Debate about the meaning of marriage has been pretty common recently. Regardless of what you think marriage should or should not be, you need to be aware the law views it as an economic partnership. As with a business partnership, spouses have certain rights with respect to each other’s property. Marriage does not necessarily mean spouses own each other’s property.
While we all hope our marriage will be different and last a lifetime, statistics show differently. Nationally, about 50 percent of marriages result in divorce. Those planning marriage should consider what rights their future spouses may have if they divorce.
Upon divorce, a court may award a spouse alimony, child support and assets owned by either spouse during the marriage. Gifts and inheritances generally are excluded from the calculation, but a spouse must be careful not to mix inherited assets with marital assets or risk losing them in divorce.
Marriages that don’t end in divorce are over when a spouse dies. When someone dies without a will, his or her spouse is entitled to half the resulting estate. If the deceased spouse leaves a will that the surviving spouse doesn’t like, the survivor can set it aside and take half the estate.
Furthermore, if the dead spouse gave assets away during a lifetime, the surviving spouse may be able to set the gifts aside and force the beneficiaries to return half the value. The survivor is also entitled to the first $15,000 of value of a dead spouse’s personal estate and gets to decide which items to include in the $15,000.
Spousal obligations, rights
A person usually is not liable for spousal debts unless he or she signs a promissory note or is jointly listed on a credit card. Also, an antiquated Kentucky law says a husband may be responsible for paying necessary costs of his wife’s clothing, food and shelter. The law does not address a wife’s responsibility for those same costs.
Although a person has various rights regarding spousal property upon divorce, death and for necessary expenses, he or she generally doesn’t own that property. For example, a husband has no right to access money in his wife’s account unless he is a joint account holder or has authority to use the account. A wife’s insurance company won’t provide any of her policy information to her husband, and he doesn’t co-own the policies. However, if a husband names his wife as his attorney-in-fact under a durable power of attorney, she can access all his bank accounts and other assets.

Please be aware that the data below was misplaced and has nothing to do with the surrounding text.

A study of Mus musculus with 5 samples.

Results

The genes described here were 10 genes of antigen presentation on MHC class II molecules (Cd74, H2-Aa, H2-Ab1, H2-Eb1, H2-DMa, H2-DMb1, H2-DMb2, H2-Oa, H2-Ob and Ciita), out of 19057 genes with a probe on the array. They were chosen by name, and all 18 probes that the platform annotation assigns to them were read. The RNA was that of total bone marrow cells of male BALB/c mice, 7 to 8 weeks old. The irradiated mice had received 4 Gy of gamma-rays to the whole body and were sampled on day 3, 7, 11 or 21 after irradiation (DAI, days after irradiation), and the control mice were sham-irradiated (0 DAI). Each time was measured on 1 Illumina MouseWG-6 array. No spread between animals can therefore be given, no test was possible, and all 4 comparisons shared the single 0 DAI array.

Get it in writing
If you are concerned about your future spouse’s rights to your property, or are considering a second marriage, you should think about a prenuptial agreement. It is a joint agreement prior to marriage that should at least address property rights in the event of death or divorce. The document can also address debt allocation between spouses as well as their rights in each other’s property during marriage. Before signing, they should obtain separate lawyers to review the prenuptial agreement and advise them regarding its effect.
If it’s too late for a prenuptial but you and your spouse want to change or clarify your rights in each other’s property, you can enter a postnuptial agreement, which is generally the same as a prenuptial.
If you have a prenuptial, it is a good idea to review it periodically to determine if it addresses your specific concerns. If not, you should consider having it amended or entering into a postnuptial agreement. Even if the prenuptial addresses all your concerns and contains all the relevant language, it will be of little or no value if you and your spouse mix assets by sharing bank accounts or paying each other’s bills.
Remember that in the eyes of the law, marriage is an economic partnership, so spouses have certain rights in each other’s property. If you don’t view marriage as the law does or are uncomfortable with the rights given to a spouse, consider changing the rules with a prenuptial or postnuptial agreement.
As a courtesy to your future spouse, please don’t wait until the night before your wedding to bring up the idea.
Printed in Four Rivers Business Journal (Paducah Sun), May 2010.